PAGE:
The first small glimmerings of a conscience? A half-hearted concession to the fact that they don’t control the flow of information anymore? I suppose it could be a little of both.
Via Matthew Sheffield at Newsbusters, here’s NBC News President Steve Capus being taken to task by the NYT’s David Carr(!) for editing Zimmerman’s 911 call to make him sound like a racist. Which Capus then tried to cover up by saying he’d fired a still-unnamed producer and that was the end of it, without ever issuing an on-air correction.
I called Steve Capus, the president of NBC News, prepared to do battle over the lack of on-air remediation. Even though Mr. Capus had personally investigated the error, issued two statements on the matter, taken disciplinary action against six employees and led a series of meetings to remind people of best practices, nobody on the “Today” show had explained what happened, or apologized for it, to the audience.
That seemed wrong to me. A network’s primary contract is with the viewers who tune in to its shows every day, one that is more important than any obligation it feels to journalistic pundits or Beltway politicos.
“You’re probably right,” Mr. Capus said right away…
“The reality is that we didn’t try to hide from it,” he said. “We did an awful lot of work after it happened. We did an exhaustive investigation, I did interviews with a lot of publications to get the message out, but we probably should have done it on our own air.”
Mr. Capus said that they were so busy cleaning up the mess “inside our own halls,” that they neglected to loop in the audience. In that sense, the process was probably too “self-reflective,” he added.
Well, why let your audience in on it, Steve? Just because you deceptively edited 911 audio to make America’s latest Emmanuel Goldstein sound like a racist, that doesn’t mean you should apologize for your stunning ethical breach. Congratulations, you fired somebody. Who you won’t name. You took “disciplinary action.” Which you won’t specify. You assure us that it won’t happen again. Without explaining how it happened in the first place. We’ll just take your word for it, since you’re so trustworthy.
And hey, you feel really bad about not making an on-air correction. Which you could still do anytime you want. You’re the boss of NBC News. Why haven’t you corrected this and apologized where your viewers can actually see it?
Don’t worry. We all know why.
Carr ends by entreating us:
Give NBC credit for dealing with a big error that threatened to sow further mayhem on a very delicate story.
No. They haven’t earned any credit on this. And it doesn’t look like they’re even going to try.
Oh, by the way: Pointing out the very real consequences of race-baiting is just “scoring political points.” See, if you disagree with a liberal, then everything you say is just to spite liberals. It’s always about them.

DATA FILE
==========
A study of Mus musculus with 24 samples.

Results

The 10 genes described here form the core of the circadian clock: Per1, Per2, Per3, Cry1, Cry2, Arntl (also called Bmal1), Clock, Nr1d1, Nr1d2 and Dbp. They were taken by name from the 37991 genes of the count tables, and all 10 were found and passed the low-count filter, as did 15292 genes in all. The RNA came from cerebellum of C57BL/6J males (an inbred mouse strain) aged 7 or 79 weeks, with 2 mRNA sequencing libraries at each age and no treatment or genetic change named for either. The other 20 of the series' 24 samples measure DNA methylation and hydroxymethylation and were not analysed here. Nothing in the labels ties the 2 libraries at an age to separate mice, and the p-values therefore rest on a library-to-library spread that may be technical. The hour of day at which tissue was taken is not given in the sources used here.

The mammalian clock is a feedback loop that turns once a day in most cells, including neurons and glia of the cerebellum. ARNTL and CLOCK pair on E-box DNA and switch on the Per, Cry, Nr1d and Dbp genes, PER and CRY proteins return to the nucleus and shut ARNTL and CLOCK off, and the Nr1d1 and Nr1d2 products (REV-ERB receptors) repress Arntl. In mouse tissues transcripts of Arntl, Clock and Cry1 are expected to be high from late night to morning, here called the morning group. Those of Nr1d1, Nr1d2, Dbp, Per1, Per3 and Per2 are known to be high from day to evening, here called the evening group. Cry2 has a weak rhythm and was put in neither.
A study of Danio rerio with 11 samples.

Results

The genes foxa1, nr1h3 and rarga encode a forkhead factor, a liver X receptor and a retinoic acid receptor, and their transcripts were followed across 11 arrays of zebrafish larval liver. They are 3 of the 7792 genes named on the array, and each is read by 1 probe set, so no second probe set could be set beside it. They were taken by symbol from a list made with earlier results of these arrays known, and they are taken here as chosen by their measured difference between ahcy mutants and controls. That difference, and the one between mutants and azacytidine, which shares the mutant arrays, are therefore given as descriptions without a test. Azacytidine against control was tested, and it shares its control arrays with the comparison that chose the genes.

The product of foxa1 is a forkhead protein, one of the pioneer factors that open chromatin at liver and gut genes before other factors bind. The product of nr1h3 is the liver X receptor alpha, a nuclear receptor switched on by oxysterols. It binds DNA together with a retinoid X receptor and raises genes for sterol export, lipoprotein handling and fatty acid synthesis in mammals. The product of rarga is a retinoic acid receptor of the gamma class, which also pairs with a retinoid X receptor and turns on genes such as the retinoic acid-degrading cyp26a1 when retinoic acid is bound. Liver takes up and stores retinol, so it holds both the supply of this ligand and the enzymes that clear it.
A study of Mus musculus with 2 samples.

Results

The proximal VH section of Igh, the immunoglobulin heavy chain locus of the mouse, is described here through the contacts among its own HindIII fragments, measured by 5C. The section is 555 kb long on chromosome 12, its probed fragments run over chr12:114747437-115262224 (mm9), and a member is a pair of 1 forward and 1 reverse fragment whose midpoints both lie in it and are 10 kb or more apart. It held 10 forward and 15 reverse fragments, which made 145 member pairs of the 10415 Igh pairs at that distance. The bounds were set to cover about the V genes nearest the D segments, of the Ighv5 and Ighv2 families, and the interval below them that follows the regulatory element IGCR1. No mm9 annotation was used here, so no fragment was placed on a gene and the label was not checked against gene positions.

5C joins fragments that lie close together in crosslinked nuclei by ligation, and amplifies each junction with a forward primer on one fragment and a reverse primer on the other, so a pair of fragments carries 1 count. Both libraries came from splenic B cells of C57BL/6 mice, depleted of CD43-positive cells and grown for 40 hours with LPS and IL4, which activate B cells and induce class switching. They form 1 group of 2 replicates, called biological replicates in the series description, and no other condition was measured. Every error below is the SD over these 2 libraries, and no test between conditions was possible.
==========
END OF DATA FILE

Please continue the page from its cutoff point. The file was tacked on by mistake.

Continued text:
Update: Well, how about this, from SFLTV.com.
You won’t hear it anywhere else but here – insiders have told us WTVJ reporter Jeff Burnside was fired last Friday for allegedly editing the Trayvon Martin 911 tape, the same tape NBC aired on ‘Today’ in early April. Allegedly, his firing wasn’t announced internally and so far there is no information whether NBC made a conclusion if the edit was misleading on purpose or if it was an oversight.
The 911 tape from the night of Trayvon Martin’s shooting, as initially aired by NBC, eliminated a question from the 911 dispatcher to George Zimmerman about whether Trayvon was black, white or Hispanic…
NBC launched an internal investigation immediately after the incident, and I’m told several people other than Burnside were questioned, at WTVJ and NBC news, including a WTVJ editor or a news photographer who may have worked on the report. Burnside was suspended while the investigation was ongoing but NBC decided he was the producer and fired him last Friday.
Is Burnside the so-far unnamed producer that NBC fired, or is this a separate incident?
As a reminder, Burnside was one of the reporters responsible for the same edit in print.
It’s kind of tough to claim it was “cut for time” on the NBC Miami website. Not to mention that the ellipsis indicates that there was something missing between the two sentences. One of the other NBC Miami reporters responsible, Christina Hernandez, claimed:
She claimed she didn’t know about the deceptive edit. If that’s the case, why the ellipsis? And why delete her tweets blaming NBC News? And why does her Twitter feed stop on April 10?
Again, these questions are rhetorical.